Seed Count: Approx. 20 Seeds
Days to Maturity: 100
Pole variety, Snap/Dry Bean
Description: Legend has it that these beans originally came over to America on the Mayflower. The Mayflower Bean is a pole bean that produces "cut-short" beans. Cut-short beans are a type of bean where the seeds outgrow the hulls, so the developing seeds push against each another making them appear square, rectangular, or have flattened sides. Mayflower Beans are a beautiful creamy color, with dark-red speckles that look spray painted on the edges. Use the young beans as a snap string bean or you can use them as a beautiful dry bean. Mayflower beans, also known as the Amish Knuttle, are prized for their delicious flavor despite the strings.
How To Grow
Sowing: Sow in average soil, in a sunny location, after the soil has warmed, as seeds may rot in cooler soils. Sow seeds 3 inches apart, in rows 24 inches apart, and cover with 1-2 inches of soil. For a continuous crop sow new seeds every two weeks. Seedlings emerge in 7-14 days depending on soil and weather conditions. Thin to 6 inches apart when seedlings are 1-2" high. Beans do great companion planted with beets, marigolds, carrots, celery, swiss chard, corn, cucumbers, peas, potatoes, strawberry, radish and cabbage.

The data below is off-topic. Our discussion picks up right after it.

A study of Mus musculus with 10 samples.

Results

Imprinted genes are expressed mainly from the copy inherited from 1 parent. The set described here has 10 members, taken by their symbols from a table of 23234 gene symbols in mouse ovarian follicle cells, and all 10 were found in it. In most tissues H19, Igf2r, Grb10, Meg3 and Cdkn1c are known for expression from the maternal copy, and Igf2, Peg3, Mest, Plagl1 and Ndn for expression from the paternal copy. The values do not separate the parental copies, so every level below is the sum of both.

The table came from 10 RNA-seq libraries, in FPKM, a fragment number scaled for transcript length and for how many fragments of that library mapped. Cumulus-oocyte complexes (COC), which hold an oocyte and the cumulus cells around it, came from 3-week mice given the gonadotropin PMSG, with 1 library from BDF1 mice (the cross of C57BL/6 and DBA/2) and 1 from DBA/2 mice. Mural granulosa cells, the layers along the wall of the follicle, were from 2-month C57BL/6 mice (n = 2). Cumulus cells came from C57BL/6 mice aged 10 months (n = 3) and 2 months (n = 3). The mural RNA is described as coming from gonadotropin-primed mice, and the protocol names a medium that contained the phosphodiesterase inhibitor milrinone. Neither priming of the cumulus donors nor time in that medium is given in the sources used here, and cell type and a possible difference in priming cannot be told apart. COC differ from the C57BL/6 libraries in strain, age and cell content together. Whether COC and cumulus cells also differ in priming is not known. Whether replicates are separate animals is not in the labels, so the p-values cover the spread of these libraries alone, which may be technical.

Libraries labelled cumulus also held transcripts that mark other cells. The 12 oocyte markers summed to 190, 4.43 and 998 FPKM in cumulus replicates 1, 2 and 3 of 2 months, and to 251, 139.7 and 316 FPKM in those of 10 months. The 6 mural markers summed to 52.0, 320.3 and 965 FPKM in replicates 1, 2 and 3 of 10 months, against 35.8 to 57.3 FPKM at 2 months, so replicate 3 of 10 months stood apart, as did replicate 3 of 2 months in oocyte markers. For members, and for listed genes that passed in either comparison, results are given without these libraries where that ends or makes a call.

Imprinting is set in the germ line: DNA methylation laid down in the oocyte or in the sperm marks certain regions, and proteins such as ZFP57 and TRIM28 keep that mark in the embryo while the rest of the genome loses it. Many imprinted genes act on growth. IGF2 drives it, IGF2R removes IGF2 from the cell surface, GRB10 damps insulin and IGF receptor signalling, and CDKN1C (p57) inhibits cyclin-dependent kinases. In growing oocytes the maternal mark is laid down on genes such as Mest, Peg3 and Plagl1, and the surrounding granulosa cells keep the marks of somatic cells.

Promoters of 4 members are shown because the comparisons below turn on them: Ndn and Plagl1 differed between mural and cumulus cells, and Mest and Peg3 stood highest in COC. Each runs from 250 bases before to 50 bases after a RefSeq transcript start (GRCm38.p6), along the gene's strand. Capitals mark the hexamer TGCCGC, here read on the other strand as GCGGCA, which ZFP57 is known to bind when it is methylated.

Growing: In dry weather, keep soil well watered. Plants need about 2-3 inches of water per week during the growing season. Make sure foliage has time to dry in order to reduce disease. These beans grow as vines, and will need 8-9 feet trellises or a fence to grow on.
Harvesting: Pick the beans for fresh eating, and check the vines often. Fully mature beans can be dried and used as soup beans. Fresh beans are best used immediately, but will keep in the fridge for several days. To harvest dry beans or to save seeds, allow for the pods to completely dry on the plant. If frost or rainy weather conditions threaten, pull the plants, and dry in a cool, dry place indoors. Beans should be completely dry 10-15 days later. Remove the seeds from the pods by hand, and store the seeds in a cool, dry place for up to 3 years.